This week Bernie Madoff’s mistress told all. Solomon Jackson, Jr., won a $260 million Powerball jackpot. Singer Chris Brown earned 5 years probation for beating Rhianna and my 23-year-old daughter walked into her first classroom as a first-year teacher.
I contemplated all this as I hung colorful posters on blank walls, collated math facts worksheets into binders, and strategized with Megan whether she would have her students use hand sanitizer or warm water and soap to help prevent the spread of the H1N1 virus. I mentioned the White House panel and its “plausible scenario” for the U.S., predicting wide-scale infections and deaths.
“Don’t worry, Mom,” she responded with a smile.
Across the room I looked intently at her as she worked throughout the day. Young and energetic, compassionate and smart, organized and determined, I thought of all the people in Oak Harbor who contributed to the making of this new teacher: Ms. Heck and Mrs. Zacharias, who sang her songs and encouraged her to write well; Mrs. Strycharski who prepared her for middle school; Mrs. Karahalios who required an exhaustive and beneficial health notebook; and Mrs. Veach, who introduced the beauty of the Spanish language at Oak Harbor High School.
There were so many more, of course. But the passion these teachers held for their students and the subjects they taught are living on in Adams Elementary School’s newest fifth grade teacher.
As I read through the class list I wondered how it would be for Ms. Klope to offer instruction using Spanish and English on a daily basis. It’s a wonder to this mother who recalls how painfully difficult I found conjugating verbs while studying Spanish in high school and college. Thank goodness the fifth graders in room 1 will benefit from a teacher who earned a bilingual teaching endorsement and can educate in both languages with relative ease.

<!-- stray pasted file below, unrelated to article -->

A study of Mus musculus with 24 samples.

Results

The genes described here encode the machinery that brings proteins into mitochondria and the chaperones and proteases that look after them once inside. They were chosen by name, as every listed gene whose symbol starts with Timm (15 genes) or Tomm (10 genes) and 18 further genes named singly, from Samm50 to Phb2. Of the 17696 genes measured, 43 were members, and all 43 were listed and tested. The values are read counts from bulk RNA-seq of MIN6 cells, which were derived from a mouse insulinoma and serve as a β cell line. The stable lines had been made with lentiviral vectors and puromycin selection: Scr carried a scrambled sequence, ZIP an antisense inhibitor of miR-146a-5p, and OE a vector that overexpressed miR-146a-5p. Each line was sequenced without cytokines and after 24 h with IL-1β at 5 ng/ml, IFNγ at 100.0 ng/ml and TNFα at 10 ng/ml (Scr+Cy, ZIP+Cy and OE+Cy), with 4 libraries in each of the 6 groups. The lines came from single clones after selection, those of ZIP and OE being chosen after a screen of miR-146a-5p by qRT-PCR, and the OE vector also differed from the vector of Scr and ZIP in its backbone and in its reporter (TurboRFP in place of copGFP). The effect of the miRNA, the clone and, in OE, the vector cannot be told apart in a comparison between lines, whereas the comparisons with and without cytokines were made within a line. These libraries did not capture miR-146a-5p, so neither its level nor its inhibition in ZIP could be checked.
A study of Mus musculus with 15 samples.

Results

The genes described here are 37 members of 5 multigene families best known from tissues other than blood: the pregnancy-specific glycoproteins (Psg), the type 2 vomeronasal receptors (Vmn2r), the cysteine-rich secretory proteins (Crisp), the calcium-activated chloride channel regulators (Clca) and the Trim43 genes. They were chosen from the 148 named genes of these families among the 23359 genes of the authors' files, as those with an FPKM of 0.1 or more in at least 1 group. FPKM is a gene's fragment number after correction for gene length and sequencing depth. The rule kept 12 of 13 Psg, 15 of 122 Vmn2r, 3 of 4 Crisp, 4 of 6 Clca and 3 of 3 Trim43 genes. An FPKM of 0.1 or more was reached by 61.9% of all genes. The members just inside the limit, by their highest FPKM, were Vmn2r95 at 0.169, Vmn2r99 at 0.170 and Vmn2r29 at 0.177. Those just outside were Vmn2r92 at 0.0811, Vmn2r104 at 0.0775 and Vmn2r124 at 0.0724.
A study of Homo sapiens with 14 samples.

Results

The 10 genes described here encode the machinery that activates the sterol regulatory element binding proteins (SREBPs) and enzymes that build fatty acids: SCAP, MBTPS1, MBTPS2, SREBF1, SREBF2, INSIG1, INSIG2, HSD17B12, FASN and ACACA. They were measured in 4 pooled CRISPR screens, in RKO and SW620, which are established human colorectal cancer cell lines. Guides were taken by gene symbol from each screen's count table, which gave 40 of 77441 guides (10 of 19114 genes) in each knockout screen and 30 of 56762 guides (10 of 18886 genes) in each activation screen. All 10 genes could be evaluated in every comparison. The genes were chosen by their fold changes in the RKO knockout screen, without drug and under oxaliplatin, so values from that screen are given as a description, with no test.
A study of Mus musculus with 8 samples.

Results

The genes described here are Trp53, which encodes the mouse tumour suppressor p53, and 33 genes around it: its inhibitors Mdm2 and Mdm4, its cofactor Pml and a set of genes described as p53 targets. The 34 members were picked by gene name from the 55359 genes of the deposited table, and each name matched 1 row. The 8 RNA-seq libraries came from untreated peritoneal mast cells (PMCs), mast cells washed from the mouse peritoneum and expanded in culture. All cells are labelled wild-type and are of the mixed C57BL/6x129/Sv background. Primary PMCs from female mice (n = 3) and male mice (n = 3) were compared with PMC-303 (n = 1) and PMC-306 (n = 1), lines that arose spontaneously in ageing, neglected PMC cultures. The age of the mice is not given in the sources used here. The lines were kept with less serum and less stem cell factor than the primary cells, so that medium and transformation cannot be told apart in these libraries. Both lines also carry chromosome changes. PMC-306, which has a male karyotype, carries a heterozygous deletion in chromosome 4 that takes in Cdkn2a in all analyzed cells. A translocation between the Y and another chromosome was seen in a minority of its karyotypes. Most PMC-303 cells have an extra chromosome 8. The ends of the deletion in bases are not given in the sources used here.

It’s one of the great joys of parenthood: to see a child discover a passion and harness the skills necessary to make all the hard work and planning become a reality. It’s also a true wonder to witness a prayer come true. I wondered how God would move in this challenging economic era when teachers have been laid off statewide and scores of qualified candidates vie for each open position.
Two weeks ago God moved. The good news of a contract and a call for help to set up a new classroom filled my own heart with utter joy. It was just yesterday that Oak Harbor teachers were preparing for Megan’s first day. Now it is her turn to serve the children of Yakima.
Early next week I will wish, for a few moments, I were a fly on the wall as 25 fifth graders from surrounding neighborhoods carefully check class lists posted on the main office doors before hurrying to room 1. I will wonder what it might be like to walk into a classroom and be greeted by a petite, blonde-haired, blue-eyed young woman, greeting students and parents with a cheerful, “Hello! How are you?” a well as an enthusiastic, “Hola! Buenos dias!”
I’ll happily drive over the pass on occasion, weather permitting, to help process book orders or give timed reading tests when asked. I’ll locate a warm winter jacket for someone who has outgrown their own, and I’ll bring along a fresh new writing journal or two, as well. I’ll help corral kids during a classroom outing and stash additional hand sanitizer in the cupboard because I can’t think of a better use of time or money.
I’ll do it all because another generation of young teachers is preparing for the next school year. Look around! The days are getting shorter and bins of pink erasers fill grocery store aisles. School supply lists greet shoppers and parents are beginning to ease into school-time schedules at home. It’s time to slow down, volunteer, make donations, and pray.